Interview: Rising Singer/Songwriter Jordan Oschman Reveals The Inspirations Behind Her Debut Album “Duality of a Man”


We had the opportunity to pick Oschman’s brain about the new album, her influences, and why she started making music in the first place. Check out what she had to say below.

Editorial and Interview by Steven Ward



My inspirations are truly ever-changing. It’s hard to connect it to a certain name as I’m most compelled to create by the things in my life I cannot control. Through the process of putting these thoughts to a melody, I feel most connected to the majority of folk rock-oriented artists of the 60s/70s. 


What’s the story behind the album’s inception and inspiration?

Duality of a Man came to me when I was writing the last song on the album “Duality.” I had heard the phrase “Duality of man” in passing and it just sounded like an album to me. It sounded like an idea I’ve already had but never had the words for. All my songs were about boys I had loved, fathers who tried, and everyone in relation to the many versions of a single man. Jacob Summers my producer & Sharaya Summers helped take these voice memos and blend them with the authentic sound of harmonies and a full band truly made it come to life. It was as if the songs already existed and we were just uncovering them. It all happened so smoothly. It just felt right.


The quickest answer is Mazzy Star, Fleetwood Mac, and Bob Dylan. I like to play their music in the background at times when I’m brainstorming. Almost like a writing session with a captured thought of the past. I feel most connected to all real instruments laying a bed for a raw emotion. I feel that these artists didn’t make songs just to sing but to get a feeling out of their body and back through their ears, singing back to them. Like some sort of therapy session with a mic and tambourine. I found that the quickest way to let my influences shine through was to connect to their process and not so much the finished product.


What are one or two songs on your debut album that you can point to as kind of encompassing some of its core themes?

“Duality” and “Cool Winds” are the two songs I’m drawn to on immediate reaction. “Duality” gives itself away in the lyrics. “Cool Winds” was written from the perspective of a father writing a letter to his son on his deathbed. Basically explaining that although the son resents him, with age he will find they are the same. If he would just look in the mirror he will see reflected back to him the justifications of his father’s actions and maybe even find empathy. Somehow that’s what the album is to me. Perspective, Duality, and the synchronicity of men…even those who will never know one another.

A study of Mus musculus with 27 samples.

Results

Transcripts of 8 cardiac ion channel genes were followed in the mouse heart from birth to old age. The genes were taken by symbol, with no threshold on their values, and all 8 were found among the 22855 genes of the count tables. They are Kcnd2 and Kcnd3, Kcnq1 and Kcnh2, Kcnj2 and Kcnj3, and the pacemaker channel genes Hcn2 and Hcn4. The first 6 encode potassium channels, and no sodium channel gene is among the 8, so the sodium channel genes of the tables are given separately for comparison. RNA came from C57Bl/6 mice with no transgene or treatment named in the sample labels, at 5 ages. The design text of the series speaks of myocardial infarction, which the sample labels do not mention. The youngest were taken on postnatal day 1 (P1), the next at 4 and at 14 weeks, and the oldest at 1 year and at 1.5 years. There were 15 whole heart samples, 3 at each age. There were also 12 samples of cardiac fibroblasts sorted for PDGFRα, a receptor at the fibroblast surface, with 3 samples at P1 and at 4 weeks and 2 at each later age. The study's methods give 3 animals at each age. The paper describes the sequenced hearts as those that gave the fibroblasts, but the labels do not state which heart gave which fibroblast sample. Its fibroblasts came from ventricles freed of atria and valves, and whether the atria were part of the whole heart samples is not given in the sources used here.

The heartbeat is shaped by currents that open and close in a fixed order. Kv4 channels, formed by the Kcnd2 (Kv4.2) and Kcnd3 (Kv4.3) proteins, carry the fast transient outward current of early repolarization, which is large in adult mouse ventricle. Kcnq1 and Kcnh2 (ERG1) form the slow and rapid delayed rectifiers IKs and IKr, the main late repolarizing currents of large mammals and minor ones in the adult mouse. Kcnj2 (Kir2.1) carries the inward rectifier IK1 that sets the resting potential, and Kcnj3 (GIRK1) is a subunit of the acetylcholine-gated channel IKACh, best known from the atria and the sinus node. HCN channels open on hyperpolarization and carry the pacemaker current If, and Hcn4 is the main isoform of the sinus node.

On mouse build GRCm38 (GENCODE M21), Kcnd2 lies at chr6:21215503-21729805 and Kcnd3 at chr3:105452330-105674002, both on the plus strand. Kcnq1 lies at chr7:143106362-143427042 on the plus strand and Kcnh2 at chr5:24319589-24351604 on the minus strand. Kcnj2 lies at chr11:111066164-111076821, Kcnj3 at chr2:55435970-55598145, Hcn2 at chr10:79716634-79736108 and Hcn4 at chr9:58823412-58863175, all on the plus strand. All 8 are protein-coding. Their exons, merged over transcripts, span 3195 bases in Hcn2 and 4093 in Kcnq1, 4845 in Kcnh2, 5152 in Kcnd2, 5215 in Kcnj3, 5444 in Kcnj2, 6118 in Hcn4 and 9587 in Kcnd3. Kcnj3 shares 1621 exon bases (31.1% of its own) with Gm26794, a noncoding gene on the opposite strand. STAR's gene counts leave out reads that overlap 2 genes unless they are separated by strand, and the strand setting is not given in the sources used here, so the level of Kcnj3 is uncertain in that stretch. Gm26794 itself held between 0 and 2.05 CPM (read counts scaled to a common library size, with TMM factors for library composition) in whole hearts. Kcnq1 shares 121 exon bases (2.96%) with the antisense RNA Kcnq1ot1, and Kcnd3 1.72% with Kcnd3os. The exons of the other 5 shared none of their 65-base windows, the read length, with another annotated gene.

What’s some music that you find yourself gravitating to or on repeat?

I’m a creature of habit. I love the albums I grew up on that I’ve only really been able to understand with age. Lately Disintegration by The Cure, anything by Radiohead, and what I like to call “divorced dad rock” has been on repeat. Honorable mention is “Harvest” by Neil Young. Never gets old.


When did you realize you wanted to make music?

For the majority of my life, I never wanted to be a musician. Wasn’t against it, I just didn’t seek it out. I was always lyrically inclined and appreciated its art but never saw myself creating it. I started guitar lessons in my sophomore year of high school and on the second session asked if we could just take the simple chords I learned and write songs instead. I realized I could come up with melodies easily and never got tired of it. It’s now my favorite way to ground myself and I can’t imagine doing anything else with my life truly. 


Why do you make music? If you had to articulate it, what’s the goal of your music, whether for yourself or the people who listen to it?

I make music because I love making music. I write because I have to. I have OCD and pretty severe anxiety, it feels like my thoughts would explode my brain if I didn’t put them on paper. If I can evoke an emotion in people and give a voice to someone who didn’t even know they needed to relate then I consider my job done. I don’t think as much about the product as the process. I just love to sing and write. 


Honestly, a song will pop into my brain at the most unpredictable times. At work, I used to use the server’s notebooks and write poems behind the hostess’s desk. It’s not really a process that looks any certain way. I’ll pick up the guitar and sit on my bathroom floor and see what I end up having to say. I like to make songs up on the spot, feels more like a stream of consciousness than an assignment.

There is something just so rejuvenating about Oschman’s songs that’s both elusive and profoundly palpable. Even just one listen through of her debut album seems to impel another, it’s melodies and her softly murmured poetics captivating you with their bittersweet allure. Every drawling riff lazily gloaming, every steadily meandering rhythm elicted from tambourine and robust drum, every heartwrenching croon envelops you in the open-hearted gaze of Oschman’s music.


Visit Jordan Oschman on their Instagram to stay updated on new releases and tour announcements. 

Listen to Duality of a Man the debut album from Jordan Oschman below!